You can apply for Medicare benefits through the Social Security Administration. Call 1-800-772-1213, TTY 1-800-325-0778 (Monday – Friday, 7:00 a.m. – 7:00 p.m.) or visit www.ssa.gov.
In most cases, yes, you are eligible. Receiving Medicare benefits is not related to collecting a Social Security check. If you have not worked 10 years, you may be able to buy Part A. To pay for Part B, you will be billed quarterly. Call 1-800-772-1213, TTY 1-800-325-0778 (Monday – Friday, 7:00 a.m. – 7:00 p.m.) or visit www.ssa.gov for more information.
If you are still working when you become eligible for Medicare, and you have health care coverage through your employer or union, contact the benefits administrator to find out how your insurance works with Medicare and if you should enroll in Part B. It’s important to review your options to ensure you won’t have to pay penalties or higher premiums when you do retire.
If you don’t sign up for Part B when you’re first eligible for Medicare, you may have to pay a late enrollment penalty every month for as long as you have Medicare. In addition, your monthly premium may go up as much as 10% for each 12-month period that you could have had Part B, but didn’t. If you have been actively working and covered by group insurance, this penalty may not apply to you. You should discuss this with your group’s benefits administrator prior to turning 65, so you have plenty of time to avoid penalties.
Yes. Your income determines how much you will pay for Parts B and D.
You will not be eligible for Medicare coverage until you turn 65, so you’ll need to find other health insurance coverage until then. Your husband’s company may have arrangements for retirees with younger spouses. Talk to his employer about your options.
Your husband’s job may offer COBRA coverage or you can look into group coverage if you belong to an alumni association or social or professional organization. Otherwise, you should review individual health insurance plans available in your area. Learn more about your plan options in New York State by visiting https://nystateofhealth.ny.gov
No. You can choose whichever plan meets your individual needs.
Part A of Original Medicare helps pay for hospital stays; however, the copays differ depending on how many days you stay in the hospital.
In most cases, if you’re already getting benefits from the Railroad Retirement Board (RRB), you will automatically get Original Medicare (Parts A and B) when you turn 65. If you aren’t getting RRB benefits yet, you will need to contact the RRB to sign up. (1-877-772-5772, TTY 1-312-751-4701, Monday – Friday, 9:00 a.m. – 3:30 p.m. CST)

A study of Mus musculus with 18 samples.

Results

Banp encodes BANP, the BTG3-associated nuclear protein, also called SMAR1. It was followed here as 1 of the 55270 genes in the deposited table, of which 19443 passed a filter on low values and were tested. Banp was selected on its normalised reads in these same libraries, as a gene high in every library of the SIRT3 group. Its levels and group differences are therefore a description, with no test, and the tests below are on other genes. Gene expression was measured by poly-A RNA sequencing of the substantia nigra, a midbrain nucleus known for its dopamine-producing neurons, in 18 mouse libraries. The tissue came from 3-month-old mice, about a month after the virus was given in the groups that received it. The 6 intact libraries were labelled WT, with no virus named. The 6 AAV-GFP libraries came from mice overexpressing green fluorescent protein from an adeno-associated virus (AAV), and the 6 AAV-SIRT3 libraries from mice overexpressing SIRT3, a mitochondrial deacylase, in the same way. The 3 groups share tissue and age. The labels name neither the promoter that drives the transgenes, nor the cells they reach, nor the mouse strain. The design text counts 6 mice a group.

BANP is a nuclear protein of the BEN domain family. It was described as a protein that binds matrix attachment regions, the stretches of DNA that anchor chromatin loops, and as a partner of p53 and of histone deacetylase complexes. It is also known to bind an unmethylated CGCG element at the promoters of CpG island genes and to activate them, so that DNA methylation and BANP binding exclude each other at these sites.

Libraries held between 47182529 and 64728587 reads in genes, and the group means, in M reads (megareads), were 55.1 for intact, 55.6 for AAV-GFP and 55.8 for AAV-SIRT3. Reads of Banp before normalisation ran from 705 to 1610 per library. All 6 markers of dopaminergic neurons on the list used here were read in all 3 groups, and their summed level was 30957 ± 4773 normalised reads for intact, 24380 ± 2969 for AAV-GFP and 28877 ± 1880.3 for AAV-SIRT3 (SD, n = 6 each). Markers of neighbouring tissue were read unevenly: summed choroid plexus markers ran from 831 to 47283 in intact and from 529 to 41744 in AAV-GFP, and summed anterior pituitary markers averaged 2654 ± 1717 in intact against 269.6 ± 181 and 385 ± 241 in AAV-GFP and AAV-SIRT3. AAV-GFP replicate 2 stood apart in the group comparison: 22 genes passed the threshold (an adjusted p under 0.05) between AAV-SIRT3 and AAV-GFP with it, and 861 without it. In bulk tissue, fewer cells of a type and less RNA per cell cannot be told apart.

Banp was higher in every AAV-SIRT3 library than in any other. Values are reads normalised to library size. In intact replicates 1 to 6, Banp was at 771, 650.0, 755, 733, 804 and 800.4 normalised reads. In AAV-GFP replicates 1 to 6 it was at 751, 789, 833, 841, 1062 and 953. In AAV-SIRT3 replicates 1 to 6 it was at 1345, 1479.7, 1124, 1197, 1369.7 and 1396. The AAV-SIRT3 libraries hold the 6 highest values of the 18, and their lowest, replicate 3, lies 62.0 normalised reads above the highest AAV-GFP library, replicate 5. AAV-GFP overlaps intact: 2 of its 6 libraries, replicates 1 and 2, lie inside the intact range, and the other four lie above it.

Most disabilities (for people aged 18 to 64) are covered by Medicare after a 25-month waiting period. Contact your local Social Security office or call 1-800-772-1213, TTY 1-800-325-0778 (Monday – Friday, 7:00 a.m. – 7:00 p.m.) to see if you’re eligible.
Your coverage options are the same as someone who has turned 65. However, you will not be eligible for Elderly Pharmaceutical Insurance Coverage (EPIC) until you turn 65.
Usually, your coverage begins on the first day of your birthday month (for example, if your birthday is August 11, your coverage begins August 1). However, if your birthday is on the first day of the month (for example, April 1), your coverage begins the first day of the prior month (for example, March 1).
No. Most plans do not cover this type of long-term care, so you will need to look for long-term care insurance. More information can be found at www.medicare.gov or the NYS Department of Insurance website, www.ins.state.ny.us.
- You need to be enrolled in Parts A and B.
- You must live in the plan’s service area.
- You must be a U.S. Citizen or be lawfully present in the U.S.
- NOTE: You must enroll during the annual enrollment period or a special election period, if you qualify.
The only thing you need is your red, white and blue Medicare card, which you should receive in the mail three months before your 65th birthday. If you don’t receive or can’t find your card, call the Social Security Administration at 1-800-772-1213, TTY 1-800-325-0778 (Monday – Friday, 7:00 a.m. – 7:00 p.m.) or visit www.ssa.gov.
If you are entitled to both Medicare and Veterans’ benefits, you can get coverage through either program. You must decide which benefits to use every time you see a doctor or get health care. If you want your Veteran’s benefits to cover a service, you must go to a Veterans’ Affairs (VA) facility or get the VA to authorize services in a non-VA facility. For more information and veteran’s benefits eligibility requirements, visit www.va.gov or call your local VA office or the national VA number at 1-800-827-1000, TTY users call 1-800-829-4833.
Once you become eligible for Medicare, your employer should notify you every year. Keep this statement for your records. Prescription coverage through Veterans’ Affairs is considered creditable.
In most cases, you are not eligible for Medicare until you turn 65. There are some individuals who qualify for Medicare because of disability. Please contact the Social Security Administration for questions about your Medicare effective date.
An Accountable Care Organization (ACO) is a group of doctors and other health care providers who are working together with Medicare to coordinate care and services. ACOs are designed to help doctors, facilities and providers communicate more closely about your care. Your doctor has to decide to participate in an ACO.
If you are eligible for both Medicare and Medicaid, you could benefit from a Dual Eligible Special Needs Plan, or D-SNP. A
D-SNP plan combines the benefits of both programs to help raise the quality of care you receive, while reducing your costs.